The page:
Sunday, April 20, 2008

Back to That Question

In the past couple of days, my mind's gone back to that question of how well we can know people through words alone.

Allowing for a few basic considerations, i.e. that you're not intentionally misrepresenting yourself, how much do your written words emphasize or de-emphasize aspects of your personality?

I'm speaking here in terms of comfort level, among other things. How much of what you do/might say in a note goes above and beyond what you'd be able to say to someone face-to-face?

If we go back to the online dating scenario, we take into consideration the idea that one of the hardest parts of meeting someone is just that, the meeting them part. Eye contact across a room is all well and good, but without someone having the courage to walk over and say hello, it becomes a mostly moot point.

So now I'm wonder, just how much courage does the written word give us?

6 comments:

The One and Only John said...

Actions speak louder than words. Someone can write all they want, but at the end of the day, if their actions are incongruous, then I think the words are suspect.

Ali said...

Yes, but this isn't a question of incongruity.

It's more a question of, if one were to meet a favorite author, how much difference might one see in the author's written voice vs. their spoken one?

Also, how would the ideas a person writes down be reflected in the way they do certain things? You don't know someone's body language just by reading something they've written, but how much of it can you guess at?

The One and Only John said...

Ah, this reminds me of the last writing marathon, and the readings afterwards. Especially that one guy who seemed to think we liked the sound of his voice so much that he graciously kept letting us hear it. And that quiet guy who's eyes shifted around a lot, and then read his piece about turning into a horse. I kind of just knew after being within twenty feet of them, what kinds of things they may write. I was really hoping that one kid with all the Hard Metal paraphrenalia about his person would read, I needed a dose of gloom that day.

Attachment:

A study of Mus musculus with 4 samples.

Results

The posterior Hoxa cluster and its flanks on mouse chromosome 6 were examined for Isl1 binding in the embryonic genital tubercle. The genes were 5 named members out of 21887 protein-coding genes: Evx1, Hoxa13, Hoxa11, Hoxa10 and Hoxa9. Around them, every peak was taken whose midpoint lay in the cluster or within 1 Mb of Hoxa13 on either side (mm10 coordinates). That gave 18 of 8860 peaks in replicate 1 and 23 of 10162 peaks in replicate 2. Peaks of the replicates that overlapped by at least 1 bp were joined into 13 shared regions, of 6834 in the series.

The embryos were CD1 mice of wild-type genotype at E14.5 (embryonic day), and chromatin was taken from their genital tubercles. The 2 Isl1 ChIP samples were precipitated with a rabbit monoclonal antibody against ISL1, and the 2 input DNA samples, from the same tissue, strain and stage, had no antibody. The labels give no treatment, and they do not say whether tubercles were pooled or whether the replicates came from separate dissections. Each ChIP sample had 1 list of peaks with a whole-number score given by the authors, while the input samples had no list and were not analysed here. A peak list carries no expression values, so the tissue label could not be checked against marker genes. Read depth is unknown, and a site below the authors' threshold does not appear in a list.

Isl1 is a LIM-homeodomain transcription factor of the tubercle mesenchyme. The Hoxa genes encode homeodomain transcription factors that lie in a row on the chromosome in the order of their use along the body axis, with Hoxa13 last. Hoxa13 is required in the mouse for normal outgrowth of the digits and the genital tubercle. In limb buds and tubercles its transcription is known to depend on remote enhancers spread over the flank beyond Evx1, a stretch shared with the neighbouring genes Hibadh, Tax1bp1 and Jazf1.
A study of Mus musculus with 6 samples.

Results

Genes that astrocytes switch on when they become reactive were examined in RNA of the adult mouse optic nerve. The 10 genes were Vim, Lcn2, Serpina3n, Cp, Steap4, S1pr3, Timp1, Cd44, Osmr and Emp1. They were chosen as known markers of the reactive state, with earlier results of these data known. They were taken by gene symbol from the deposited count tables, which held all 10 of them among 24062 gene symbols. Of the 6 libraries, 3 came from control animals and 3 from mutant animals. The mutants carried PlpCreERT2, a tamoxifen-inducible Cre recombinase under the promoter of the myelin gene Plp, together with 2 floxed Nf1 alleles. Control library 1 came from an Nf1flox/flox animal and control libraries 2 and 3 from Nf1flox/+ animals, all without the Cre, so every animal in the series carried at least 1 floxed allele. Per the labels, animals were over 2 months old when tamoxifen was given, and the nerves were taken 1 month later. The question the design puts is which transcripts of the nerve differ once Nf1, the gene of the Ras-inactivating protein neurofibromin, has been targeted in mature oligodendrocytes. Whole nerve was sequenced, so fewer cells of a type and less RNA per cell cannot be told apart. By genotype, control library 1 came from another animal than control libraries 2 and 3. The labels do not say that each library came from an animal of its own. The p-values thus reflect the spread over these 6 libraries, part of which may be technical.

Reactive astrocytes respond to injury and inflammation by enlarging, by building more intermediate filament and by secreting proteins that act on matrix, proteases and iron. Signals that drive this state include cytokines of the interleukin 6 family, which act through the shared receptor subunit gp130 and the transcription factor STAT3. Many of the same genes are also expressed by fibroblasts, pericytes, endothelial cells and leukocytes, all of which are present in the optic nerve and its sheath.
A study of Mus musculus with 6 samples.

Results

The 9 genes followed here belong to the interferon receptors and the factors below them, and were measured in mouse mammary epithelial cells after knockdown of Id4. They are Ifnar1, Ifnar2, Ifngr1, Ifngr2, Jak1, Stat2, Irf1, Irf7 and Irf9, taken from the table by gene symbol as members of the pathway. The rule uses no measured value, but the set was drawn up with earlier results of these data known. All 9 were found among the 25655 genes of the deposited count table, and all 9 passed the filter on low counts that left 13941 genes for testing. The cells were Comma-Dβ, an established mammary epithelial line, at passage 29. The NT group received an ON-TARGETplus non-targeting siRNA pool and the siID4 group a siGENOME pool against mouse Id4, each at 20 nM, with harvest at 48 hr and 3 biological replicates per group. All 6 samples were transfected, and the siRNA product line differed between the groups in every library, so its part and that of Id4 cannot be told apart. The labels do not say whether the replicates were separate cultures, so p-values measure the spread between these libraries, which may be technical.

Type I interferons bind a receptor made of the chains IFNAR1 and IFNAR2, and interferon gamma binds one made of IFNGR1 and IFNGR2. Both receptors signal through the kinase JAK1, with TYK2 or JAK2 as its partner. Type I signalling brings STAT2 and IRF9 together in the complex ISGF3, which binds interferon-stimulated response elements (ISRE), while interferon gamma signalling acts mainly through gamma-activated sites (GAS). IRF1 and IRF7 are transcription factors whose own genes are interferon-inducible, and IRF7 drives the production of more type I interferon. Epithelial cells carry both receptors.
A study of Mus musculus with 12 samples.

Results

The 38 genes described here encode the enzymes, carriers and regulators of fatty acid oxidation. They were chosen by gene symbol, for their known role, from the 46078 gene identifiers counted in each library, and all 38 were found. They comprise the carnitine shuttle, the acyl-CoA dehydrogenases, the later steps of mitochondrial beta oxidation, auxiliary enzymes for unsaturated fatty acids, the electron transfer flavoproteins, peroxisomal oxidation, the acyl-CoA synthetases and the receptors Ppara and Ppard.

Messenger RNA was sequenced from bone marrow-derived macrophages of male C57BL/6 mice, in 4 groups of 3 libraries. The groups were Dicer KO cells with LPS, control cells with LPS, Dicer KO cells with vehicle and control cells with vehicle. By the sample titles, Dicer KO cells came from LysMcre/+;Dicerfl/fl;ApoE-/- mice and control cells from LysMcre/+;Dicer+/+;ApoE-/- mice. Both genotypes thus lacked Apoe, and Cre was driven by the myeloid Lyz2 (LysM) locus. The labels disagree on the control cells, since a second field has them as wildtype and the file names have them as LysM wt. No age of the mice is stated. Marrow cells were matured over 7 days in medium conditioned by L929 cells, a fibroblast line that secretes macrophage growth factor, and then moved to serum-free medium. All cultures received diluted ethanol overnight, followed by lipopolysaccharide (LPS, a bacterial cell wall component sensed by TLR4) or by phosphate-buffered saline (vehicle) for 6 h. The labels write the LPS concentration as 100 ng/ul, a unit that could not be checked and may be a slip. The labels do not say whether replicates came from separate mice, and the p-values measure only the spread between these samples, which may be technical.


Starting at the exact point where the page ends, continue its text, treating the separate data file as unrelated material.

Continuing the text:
Debbie said...

I think people can be a lot braver when writing than in person. I've seen it in workplace emails. I also saw it in another life when I was on the MST3K boards on AOL. There were some shy people who hooked up and, as far as I know, are still together some 10-12 years later. And the flame wars! The threats that were tossed back and forth by guys who would piss their pants if someone threatened them in the real world.

And, John, would you believe that Moe writes what she does by looking at her?

The One and Only John said...

After hearing her talk about what's she writing her thesis about, nothing from her can surprise me...

Mishell said...

I think the amount of courage the written word gives to a person is just as individual to the person as the "voice" (written and spoken) is. Personally, while I find that writting gives me a stronger feeling of freedom of expresion--I'm at my leisure to choose just the right words--I don't feel like my writing is any more courageous than I am. In fact, I have noticed, to my chagrin, that my writing is sometimes just as cowardly as I am.

As to knowing an author by what s/he writes, well, that's a wonderful fairytale. Besides, do we ever really know anyone?